By Benjamin Brown, ,
Published February 06, 2018
Rep. Nancy Pelosi, D-Calif., on Monday placed blame squarely on Republicans for being forced to pass yet another stop-gap funding bill amid Washington gridlock over immigration and border wall funding.
The fifth stop-gap, which will fund the government until March 23, has to be approved by Thursday in oder tom avert a shutdown.
“The reason Congress is facing a 5th stop-gap budget bill is because the Republican majority is incompetent,” Pelosi said in a statement. “And it is their incompetence that is placing in doubt how quickly our men and women in uniform can have the resources they need to keep our country safe.”
Rep. Mark Meadows, R-N.C., told Fox News he expects the bill to pass with Republican votes only during the House vote tomorrow. Democrats have conveyed their displeasure with legislation—once again-- that doesn’t address former President Obama's Deferred Action for Childhood Arrivals program, which protects young immigrants from deportation.
There is also talks within the Senate to increase spending “caps,” providing a boost to domestic and Pentagon programs. It would then be followed by a more detailed spending bill, which would be negotiated over an extended period of time.
"We are making real headway in our negotiations over spending caps and other important issues," said Senate Majority leader Mitch McConnell, R-Ky.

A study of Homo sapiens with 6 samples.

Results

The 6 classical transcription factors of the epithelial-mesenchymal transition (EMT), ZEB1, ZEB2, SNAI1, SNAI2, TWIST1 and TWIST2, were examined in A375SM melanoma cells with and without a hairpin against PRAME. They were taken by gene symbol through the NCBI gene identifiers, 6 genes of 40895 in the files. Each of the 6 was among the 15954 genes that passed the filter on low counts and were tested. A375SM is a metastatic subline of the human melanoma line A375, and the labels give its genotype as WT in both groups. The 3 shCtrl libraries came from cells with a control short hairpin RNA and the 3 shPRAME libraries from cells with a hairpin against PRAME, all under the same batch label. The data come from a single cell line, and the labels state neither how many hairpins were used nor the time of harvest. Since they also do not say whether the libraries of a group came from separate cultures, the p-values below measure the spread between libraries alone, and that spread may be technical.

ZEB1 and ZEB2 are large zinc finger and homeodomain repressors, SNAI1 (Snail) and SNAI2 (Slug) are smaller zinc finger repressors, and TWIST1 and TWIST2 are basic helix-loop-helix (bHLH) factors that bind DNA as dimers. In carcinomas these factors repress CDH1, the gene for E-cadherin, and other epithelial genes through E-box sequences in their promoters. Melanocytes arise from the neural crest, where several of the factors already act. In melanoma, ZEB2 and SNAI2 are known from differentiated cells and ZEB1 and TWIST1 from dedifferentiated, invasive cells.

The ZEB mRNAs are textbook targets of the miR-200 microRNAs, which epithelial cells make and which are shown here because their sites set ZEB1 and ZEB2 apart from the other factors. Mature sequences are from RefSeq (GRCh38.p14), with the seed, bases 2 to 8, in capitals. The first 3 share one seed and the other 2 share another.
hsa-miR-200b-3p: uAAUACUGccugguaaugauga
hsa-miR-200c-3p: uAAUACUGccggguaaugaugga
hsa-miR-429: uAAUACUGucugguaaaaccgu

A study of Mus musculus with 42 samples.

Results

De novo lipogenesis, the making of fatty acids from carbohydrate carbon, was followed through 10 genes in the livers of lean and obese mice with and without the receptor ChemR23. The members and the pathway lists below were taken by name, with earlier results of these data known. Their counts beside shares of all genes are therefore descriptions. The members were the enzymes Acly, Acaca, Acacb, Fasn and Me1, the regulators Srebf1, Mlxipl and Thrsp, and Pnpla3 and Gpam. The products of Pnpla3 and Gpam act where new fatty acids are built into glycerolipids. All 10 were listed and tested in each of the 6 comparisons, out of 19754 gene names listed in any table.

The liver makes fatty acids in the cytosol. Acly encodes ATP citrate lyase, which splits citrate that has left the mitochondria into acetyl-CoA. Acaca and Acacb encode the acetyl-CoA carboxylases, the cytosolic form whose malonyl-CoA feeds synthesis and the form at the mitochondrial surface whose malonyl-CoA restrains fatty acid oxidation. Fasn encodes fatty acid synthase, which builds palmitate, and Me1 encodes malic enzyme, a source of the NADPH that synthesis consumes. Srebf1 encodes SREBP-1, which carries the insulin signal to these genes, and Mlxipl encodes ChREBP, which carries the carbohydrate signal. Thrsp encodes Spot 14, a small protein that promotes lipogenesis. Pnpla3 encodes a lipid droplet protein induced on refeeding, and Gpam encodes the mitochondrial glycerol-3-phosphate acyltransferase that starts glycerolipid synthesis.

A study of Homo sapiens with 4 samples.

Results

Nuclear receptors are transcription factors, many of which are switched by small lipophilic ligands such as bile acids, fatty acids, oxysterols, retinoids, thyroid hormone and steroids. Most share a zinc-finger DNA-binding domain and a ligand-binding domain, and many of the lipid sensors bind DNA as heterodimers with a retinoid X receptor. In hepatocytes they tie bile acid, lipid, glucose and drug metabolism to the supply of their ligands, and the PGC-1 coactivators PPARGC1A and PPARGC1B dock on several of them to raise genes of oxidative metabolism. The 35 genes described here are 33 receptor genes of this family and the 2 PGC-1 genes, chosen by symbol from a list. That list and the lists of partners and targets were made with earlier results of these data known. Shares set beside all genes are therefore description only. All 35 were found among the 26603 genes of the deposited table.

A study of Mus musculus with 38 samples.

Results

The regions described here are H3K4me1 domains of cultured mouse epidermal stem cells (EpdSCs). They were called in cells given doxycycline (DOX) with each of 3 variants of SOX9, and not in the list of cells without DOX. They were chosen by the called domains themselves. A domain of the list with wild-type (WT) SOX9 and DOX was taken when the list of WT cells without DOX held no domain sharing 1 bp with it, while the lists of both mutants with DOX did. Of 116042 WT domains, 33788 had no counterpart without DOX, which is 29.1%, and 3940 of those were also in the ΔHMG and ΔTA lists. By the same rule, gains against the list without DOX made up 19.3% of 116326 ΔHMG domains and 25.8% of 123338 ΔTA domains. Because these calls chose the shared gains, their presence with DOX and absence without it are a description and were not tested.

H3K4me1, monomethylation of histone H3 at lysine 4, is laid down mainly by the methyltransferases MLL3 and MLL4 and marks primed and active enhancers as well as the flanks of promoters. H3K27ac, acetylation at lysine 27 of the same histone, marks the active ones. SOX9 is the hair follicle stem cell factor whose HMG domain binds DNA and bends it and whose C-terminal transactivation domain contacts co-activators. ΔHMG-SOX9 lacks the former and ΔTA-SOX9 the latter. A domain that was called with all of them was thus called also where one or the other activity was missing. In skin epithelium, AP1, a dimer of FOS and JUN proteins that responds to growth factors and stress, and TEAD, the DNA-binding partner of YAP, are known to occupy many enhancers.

The bill would be paired with a full-year, $659 billion Pentagon spending bill – an idea Minority Leader Chuck Schumer, D-N.Y., quickly shot down, claiming it “would be barreling head first into a dead-end."
Last month, the government briefly shutdown after leaders on Capitol Hill failed to come to an agreement after weeks of finger pointing and casting blame across the aisle for many of the same reasons: DACA and border wall funding.
The two-year deal would increase caps on spending stemming from the failed 2011 budget deal, in which Republicans would seek roughly a $80 billion increase per year in defense spending, while offering Democrats about $60 billion in nondefense programs. However, details are kept close and subject to change.
In addition to hurricane aid funding, health care and money for President Trump’s border wall, the final cost would near $400 billion. The total cost of the 2018-19 budget years would mimic the deficit impact of last year’s tax measure over that period.
The Congressional Budget Office said Trump’s tax reform will account for about $700 billion in the red for 2018, before seeing any fresh increase from the legislation. And, with next year’s deficit already estimated to reach $975 billion, the potential agreement would represent the first $1 trillion-plus deficit since Obama’s first term.
Fox News’ Chad Pergram along with The Associated Press contributed to this report.